Parts of the Brain And Their Functions Cheat Sheet

The brain has three parts, they are, cerebrum (cerebral cortex), the brain stem, and the cerebellum. It collects, integrates, and interprets all stimuli; in addition, it initiates and monitors voluntary and involuntary motor activity.

The cerebrum gives us the ability to think and reason. Within the skull, it’s enclosed in three membrane layers called meninges. If blood or fluid accumulates between these layers, pressure builds inside the skull and compromises brain function. The cerebrum has four lobes and two hemispheres. The right hemisphere controls the left side of the body, and the left hemisphere controls the right side of the body. Each lobe controls and coordinates specific functions.

The lobes of the cerebrum:

The cerebrum’s four lobes — the parietal, occipital, temporal, and frontal lobes — are discerned by anatomic landmarks and functional differences. The name of each lobe is derived from the overlying cranial bone. This illustration shows the locations of the cerebral lobes and explains their functions. It also shows the location of the cerebellum.

Frontal Lobe:

The frontal lobe is the area of the brain responsible for higher cognitive functions.
These include:
• Problem solving
• Spontaneity
• Memory
• Language
• Motivation
• Judgment
• Impulse control
• Social and sexual behaviour

Temporal Lobe:

The temporal lobe plays a role in emotions, and is also responsible for smelling, tasting, perception, memory, understanding music, aggressiveness, and sexual behaviour.
The temporal lobe also contains the language area of the brain.

Parietal Lobe:

The parietal Lobe plays a role in our sensations of touch, smell, and taste. It also processes sensory and spatial awareness, and is a key component in eye-hand co-ordination and arm movement.
The parietal lobe also contains a specialized area called Wernicke’s area that is responsible for matching written words with the sound of spoken speech.

Occipital Lobe:

The occipital lobe is at the rear of the brain and controls vision and recognition.

Limbic Lobe:

The limbic lobe is located deep in the brain, and makes up the limbic system.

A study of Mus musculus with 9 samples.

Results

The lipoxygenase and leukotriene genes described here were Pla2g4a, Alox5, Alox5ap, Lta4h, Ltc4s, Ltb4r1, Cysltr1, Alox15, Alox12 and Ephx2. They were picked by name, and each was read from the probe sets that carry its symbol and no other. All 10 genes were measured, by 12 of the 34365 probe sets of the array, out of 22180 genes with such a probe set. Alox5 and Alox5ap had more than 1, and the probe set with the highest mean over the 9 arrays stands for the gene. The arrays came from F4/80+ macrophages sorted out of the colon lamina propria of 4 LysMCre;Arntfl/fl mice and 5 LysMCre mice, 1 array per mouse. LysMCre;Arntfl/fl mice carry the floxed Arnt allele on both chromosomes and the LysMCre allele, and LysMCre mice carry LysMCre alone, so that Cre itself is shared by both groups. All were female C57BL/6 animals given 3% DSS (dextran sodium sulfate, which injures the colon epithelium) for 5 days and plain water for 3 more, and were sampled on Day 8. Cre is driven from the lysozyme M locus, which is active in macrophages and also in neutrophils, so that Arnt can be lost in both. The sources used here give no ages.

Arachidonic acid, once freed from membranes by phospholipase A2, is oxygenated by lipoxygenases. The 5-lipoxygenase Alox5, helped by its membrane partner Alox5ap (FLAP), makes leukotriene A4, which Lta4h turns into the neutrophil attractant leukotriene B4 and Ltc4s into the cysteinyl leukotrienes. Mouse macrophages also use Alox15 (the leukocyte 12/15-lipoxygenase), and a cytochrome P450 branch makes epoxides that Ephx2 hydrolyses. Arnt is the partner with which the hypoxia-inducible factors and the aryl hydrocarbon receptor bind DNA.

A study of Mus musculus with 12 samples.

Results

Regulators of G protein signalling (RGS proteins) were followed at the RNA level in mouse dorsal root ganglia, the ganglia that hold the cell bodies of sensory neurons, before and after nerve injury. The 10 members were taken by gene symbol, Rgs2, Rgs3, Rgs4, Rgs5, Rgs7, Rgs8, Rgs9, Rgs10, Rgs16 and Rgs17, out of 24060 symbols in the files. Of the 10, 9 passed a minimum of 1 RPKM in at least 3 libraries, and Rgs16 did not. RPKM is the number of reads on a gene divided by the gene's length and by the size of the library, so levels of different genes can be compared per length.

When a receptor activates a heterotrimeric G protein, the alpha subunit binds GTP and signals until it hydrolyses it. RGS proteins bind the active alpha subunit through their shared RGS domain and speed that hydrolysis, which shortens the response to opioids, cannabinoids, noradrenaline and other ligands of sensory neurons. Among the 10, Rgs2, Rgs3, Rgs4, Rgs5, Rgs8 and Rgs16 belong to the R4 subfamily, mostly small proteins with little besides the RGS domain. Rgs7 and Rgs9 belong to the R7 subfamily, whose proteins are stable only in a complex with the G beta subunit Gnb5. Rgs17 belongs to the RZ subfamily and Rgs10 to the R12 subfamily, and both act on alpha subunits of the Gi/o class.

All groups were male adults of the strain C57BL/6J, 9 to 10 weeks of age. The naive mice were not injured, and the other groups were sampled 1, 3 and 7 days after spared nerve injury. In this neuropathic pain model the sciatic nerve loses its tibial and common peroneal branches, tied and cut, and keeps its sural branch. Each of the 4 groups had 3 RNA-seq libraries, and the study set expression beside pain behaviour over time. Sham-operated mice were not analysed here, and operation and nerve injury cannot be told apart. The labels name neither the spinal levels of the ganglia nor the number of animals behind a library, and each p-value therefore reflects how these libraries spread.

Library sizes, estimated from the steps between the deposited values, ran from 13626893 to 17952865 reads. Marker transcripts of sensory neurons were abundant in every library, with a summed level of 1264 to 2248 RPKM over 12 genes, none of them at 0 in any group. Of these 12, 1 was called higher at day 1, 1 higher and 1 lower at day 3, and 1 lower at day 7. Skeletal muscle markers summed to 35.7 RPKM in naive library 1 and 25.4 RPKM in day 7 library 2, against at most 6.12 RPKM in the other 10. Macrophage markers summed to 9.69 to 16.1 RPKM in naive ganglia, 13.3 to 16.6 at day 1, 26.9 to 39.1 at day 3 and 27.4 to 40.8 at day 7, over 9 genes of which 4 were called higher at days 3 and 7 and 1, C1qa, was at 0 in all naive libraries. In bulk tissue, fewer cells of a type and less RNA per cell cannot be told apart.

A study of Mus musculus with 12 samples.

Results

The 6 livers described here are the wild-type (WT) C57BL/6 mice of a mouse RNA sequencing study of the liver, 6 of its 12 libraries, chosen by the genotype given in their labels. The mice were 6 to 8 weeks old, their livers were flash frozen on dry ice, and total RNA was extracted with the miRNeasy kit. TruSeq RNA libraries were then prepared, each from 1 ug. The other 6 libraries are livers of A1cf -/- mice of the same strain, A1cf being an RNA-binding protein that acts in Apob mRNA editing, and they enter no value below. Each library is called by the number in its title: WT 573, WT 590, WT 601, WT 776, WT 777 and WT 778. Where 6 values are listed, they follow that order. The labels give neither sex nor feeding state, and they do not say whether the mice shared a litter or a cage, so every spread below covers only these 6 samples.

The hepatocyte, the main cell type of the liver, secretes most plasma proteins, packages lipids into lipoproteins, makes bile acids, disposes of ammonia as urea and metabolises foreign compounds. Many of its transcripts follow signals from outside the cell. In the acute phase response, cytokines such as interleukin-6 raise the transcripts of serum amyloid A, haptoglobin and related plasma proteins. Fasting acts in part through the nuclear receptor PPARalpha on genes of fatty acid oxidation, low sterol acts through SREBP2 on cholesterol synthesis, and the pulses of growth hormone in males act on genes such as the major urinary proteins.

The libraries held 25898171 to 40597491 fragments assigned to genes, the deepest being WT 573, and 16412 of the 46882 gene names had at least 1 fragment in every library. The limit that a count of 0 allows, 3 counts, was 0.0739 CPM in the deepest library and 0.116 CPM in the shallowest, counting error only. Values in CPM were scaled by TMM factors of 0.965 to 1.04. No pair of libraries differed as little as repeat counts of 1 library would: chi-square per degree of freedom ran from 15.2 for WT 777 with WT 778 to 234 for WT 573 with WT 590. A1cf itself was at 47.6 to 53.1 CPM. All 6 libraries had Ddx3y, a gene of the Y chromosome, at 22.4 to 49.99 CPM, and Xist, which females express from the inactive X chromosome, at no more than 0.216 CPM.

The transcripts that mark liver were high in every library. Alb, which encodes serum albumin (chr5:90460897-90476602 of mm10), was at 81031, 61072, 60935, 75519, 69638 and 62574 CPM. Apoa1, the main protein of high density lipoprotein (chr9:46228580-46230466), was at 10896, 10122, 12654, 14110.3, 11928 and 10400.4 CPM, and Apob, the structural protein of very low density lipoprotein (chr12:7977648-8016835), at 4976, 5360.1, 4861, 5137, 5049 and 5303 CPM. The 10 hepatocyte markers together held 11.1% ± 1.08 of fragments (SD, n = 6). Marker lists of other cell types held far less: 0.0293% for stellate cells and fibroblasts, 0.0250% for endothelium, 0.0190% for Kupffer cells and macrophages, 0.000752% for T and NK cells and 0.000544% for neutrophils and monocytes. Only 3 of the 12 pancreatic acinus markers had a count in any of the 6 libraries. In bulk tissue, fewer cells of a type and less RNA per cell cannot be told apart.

The visual cortex resides in the occipital lobe of the brain. Sensory impulses travel from the eyes via the optic nerve to the visual cortex.
Damage to the visual cortex can result in blindness.


The gustatory complex (green circle) is the part of the sensory cortex (purple area) that is responsible for taste.
The prefrontal cortex is involved with intellect, complex learning, and personality. Injuries to the front lobe can cause mental and personality changes.


Emotion are an extremely complex brain function. The emotional core of the brain is the limbic system. This is where senses and awareness are first processed in the brain. Mood and personality are mediated through the prefrontal cortex. This part of the brain is the center of higher cognitive and emotional functions.


Broca’s area is where we formulate speech and the area of the brain that sends motor instructions to the motor cortex. Injury to Broca’s area can cause difficulty in speaking. The individual may know what words he or she wishes to speak, but will be unable to do so.


Wernicke’s area is a specialized portion of the parietal lobe that recognizes and understands written and spoken language. Wernicke’s area surrounds the auditory association area. Damage to this part of the brain can result in someone hearing speech, but not understanding it.


There are two auditory areas of the brain: the primary auditory area ( brown circle) is what detects sounds that are transmitted from the ear. It is located in the sensory cortex.
The auditory association area ( purple circle) is the part of the brain that is used to recognize the sounds as speech, music, or noise.

Motor Cortex:

The motor portion of the cerebrum is illustrated here. The light red area is the premotor cortex, which is responsible for repetitive motions of learned motor skills. The dark red area is the primary motor area, and is responsible for control of skeletal muscles.
Different areas of the brain are associated with different parts of the body. Injury to the motor cortex can result in motor disturbance in the associated body part.

Sensory Cortex:

The sensory portion of the cerebrum is illustrated here. Different areas of the brain are associated with different parts of the body, as can be seen below. Injury to the sensory cortex can result in sensory disturbance in the associated body part.